Module 10. Uwak (Crow) at Fianyas (Iguana): Tattoo Tradition and Expression of Beauty

Kakau and Batok Talk: Tattoos from Hawaii and the Philippines

Anthropologist Analyn Salvador-Amores at the conclusion of her fieldwork in the mountains of northern Luzon, Philippines filmed an encounter with the Hawaiian tattoo practitioner Keone Nunes and Butbut tattoo practitioner Whang-ud. The conversations reveal a deep connection with the traditional tattooing practice from Polynesia to the Philippines.


The origin of tattooing among the people of the Cordilleras is celebrated in oral tradition (Salvador-Amores, 61). The Uwak and Fianyas is a narrative retold by Jerzon Ayongchi that traces the roots of this practice among the Ifiallig. It is a tale that explains the hostility between the crow who gave the iguana a beautiful and intricate tattoo while he emerged covered in black soot thanks to the lazy iguana.

Tagalog Version | English Version


  1. What did you think of the story?
  2. Describe the crow. How does the crow and iguan view tattooes?
  3. Describe the iguana. Where you surprised to learn about what he did to the crow? Why do you think he did that?
  4. Why do you think the Ifiallig people use folklore* to explain the origin of tattooing? (Folk·lore – the traditional beliefs, customs, and stories of a community, passed through generations)
  5. Do you practice tattooing in your culture? If so, what is its significance? If not, why not?
  6. Watch the video, Kakau and Batok Talk: Conversation with Keone and Whang-Ud. Whang-Ud is the oldest tattoo practitioner in the world at 100 years old in 2018.
  7. What did you think of the video?
  8. What do you think is the purpose of a tattoo?

Culminating Activity

Read the text below and answer the following questions: Why are tattoos important to those who wear them in the Butbut culture? If you were to get a tattoo, how would you design it and explain its significance?

Tattooing Tradition in Whang-ud’s Butbut tribe

Whang-ud is from the Butbut tribe in the Cordilleras. They call a tattoo a whatok. A whatok is a permanent body adornment or tattoo which was once prevalent all over the Philippines (Wilcken, 2011, p. 14). It is commonly referred to as batok in Kalinga (Salvador-Amores, 2013, p. 58). The first Spanish explorers to the Philippines chronicled heavily tattooed people in the Visayas, the central islands of the Philippines, as early as 1521 (Wilcken, 2011, p. 14). However, to the Butbut people, this tradition is much older. They trace its origin to the ullit (legends and stories), amamtun (riddles or proverbs), and from excerpts in ullalim (epic), that are usually sung by a manwhatok during a tattoo session (Salvador-Amores, 2013, p. 57).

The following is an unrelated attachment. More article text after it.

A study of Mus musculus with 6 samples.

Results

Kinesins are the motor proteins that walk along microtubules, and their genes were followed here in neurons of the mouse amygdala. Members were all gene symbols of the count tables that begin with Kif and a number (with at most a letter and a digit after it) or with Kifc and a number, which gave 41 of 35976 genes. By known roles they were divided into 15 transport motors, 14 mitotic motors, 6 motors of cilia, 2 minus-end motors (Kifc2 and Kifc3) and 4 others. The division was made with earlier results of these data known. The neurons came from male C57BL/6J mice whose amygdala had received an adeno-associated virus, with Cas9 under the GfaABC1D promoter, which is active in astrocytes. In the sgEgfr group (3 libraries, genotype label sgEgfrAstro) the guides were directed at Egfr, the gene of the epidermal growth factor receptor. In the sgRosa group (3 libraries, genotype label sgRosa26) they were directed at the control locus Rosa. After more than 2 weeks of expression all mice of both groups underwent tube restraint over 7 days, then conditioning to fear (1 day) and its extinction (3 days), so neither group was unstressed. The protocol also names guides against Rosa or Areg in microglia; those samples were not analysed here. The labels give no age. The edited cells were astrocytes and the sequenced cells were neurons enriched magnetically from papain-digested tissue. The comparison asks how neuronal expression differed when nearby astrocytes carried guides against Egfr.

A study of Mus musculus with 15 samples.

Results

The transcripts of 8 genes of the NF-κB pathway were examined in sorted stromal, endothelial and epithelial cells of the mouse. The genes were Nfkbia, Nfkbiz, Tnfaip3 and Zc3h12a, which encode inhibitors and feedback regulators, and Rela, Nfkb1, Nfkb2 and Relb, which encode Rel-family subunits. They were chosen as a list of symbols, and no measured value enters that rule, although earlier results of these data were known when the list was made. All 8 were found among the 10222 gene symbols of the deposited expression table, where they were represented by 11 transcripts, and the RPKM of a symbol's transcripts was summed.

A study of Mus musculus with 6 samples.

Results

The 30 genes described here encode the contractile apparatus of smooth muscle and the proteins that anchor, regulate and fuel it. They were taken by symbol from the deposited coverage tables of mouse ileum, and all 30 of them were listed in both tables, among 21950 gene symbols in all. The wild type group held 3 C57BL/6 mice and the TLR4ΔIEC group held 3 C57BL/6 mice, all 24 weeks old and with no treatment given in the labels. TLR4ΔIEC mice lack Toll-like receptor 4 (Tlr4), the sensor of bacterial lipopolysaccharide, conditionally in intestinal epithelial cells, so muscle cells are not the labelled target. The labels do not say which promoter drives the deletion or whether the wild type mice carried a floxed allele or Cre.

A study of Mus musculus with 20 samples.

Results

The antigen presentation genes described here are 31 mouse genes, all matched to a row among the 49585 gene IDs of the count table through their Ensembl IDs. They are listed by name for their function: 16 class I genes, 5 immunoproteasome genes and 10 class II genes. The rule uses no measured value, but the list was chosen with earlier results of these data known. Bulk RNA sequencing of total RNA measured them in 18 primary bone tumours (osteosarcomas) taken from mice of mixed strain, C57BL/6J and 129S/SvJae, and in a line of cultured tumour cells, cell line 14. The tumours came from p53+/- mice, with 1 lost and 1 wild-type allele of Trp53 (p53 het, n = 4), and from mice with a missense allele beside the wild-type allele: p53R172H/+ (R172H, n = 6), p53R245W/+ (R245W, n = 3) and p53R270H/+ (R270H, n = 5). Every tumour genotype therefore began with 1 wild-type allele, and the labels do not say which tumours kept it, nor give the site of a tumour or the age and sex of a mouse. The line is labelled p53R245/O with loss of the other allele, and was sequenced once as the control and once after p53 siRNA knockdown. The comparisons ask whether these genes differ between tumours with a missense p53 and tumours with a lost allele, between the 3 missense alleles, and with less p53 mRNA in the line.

Wang-ud’s ullalim tells the story of a tattooed hero named Banna from Lubo. He traversed rivers and mountains as a python to see the beautiful Lagkunawa of Tinglayan. Banna’s most beautiful gift to her was the scales of a python skin magically embedded on her legs (Salvador-Amores, 2013, p. 67). The combination of tattooing and storytelling connects its wearers to their ancestors and deities. Banna may appear as a protective deity in the guise of a snakeskin, which is made potent by incantations.

How is a whatok read? The different motifs are read using meanings that have been passed down through generations. For instance, one type of motif chronicles the achievements of warriors. Salvador-Amores (2013) writes, “Lakay Wanawan, a renowned elder earned the only aiyung, a face mask of an owl, for his bravery and leading his tribe into battle. The tale of him single-handedly taking an enemy’s chief’s head that decided their victory lives on” (p. 161). Intricate markings may adorn other warriors, which may be likened to badges of honor for contemporary soldiers (Salvador-Amores, 2013, p. 161).

Others use whatok for practical reasons, such as recording the year they first voted in an election, inscribing instructions for weaving, or displaying the wealth of their elders (Salvador-Amores, 2013, p. 161; Labrador, 2013, p. 36). It is commonly used to help the wearer remember experiences. Wang-ud’s tattoos always take her back to her past while reminiscing about happy memories. In this sense, a whatok serves as a “cutaneous bodily archive” conveying the wearers’ personal identities and documenting their biography (Salvador-Amores, 2013, p. 203).

However, a whatok is not only understood using common knowledge, but also through the unique stories of its wearer. For example, Wang-ud has secret markings hidden on her arms bestowed on her by former lovers (Salvador-Amores, 2013, p. 191). Her skin is also marked by the names and symbols of other tattoo practitioners to commemorate their meetings. To this day, she continues to transcribe new meanings to traditional motifs unique to her own experiences. The language of the whatok evolves through time because of these improvisations.

Protection of the wearers is of the utmost importance to a manwhatok. A session always begins with the sanctification of the space where the tattooing occurs. An “hour glass” motif that references the shape of the rice mortar provides protection to its wearer from malevolent spirits. In fact, female elders remembered resting their arms in between the rice mortar that is laid on the ground to keep bad spirits from intervening during tattoo sessions (Salvador-Amores, 2013, p. 188).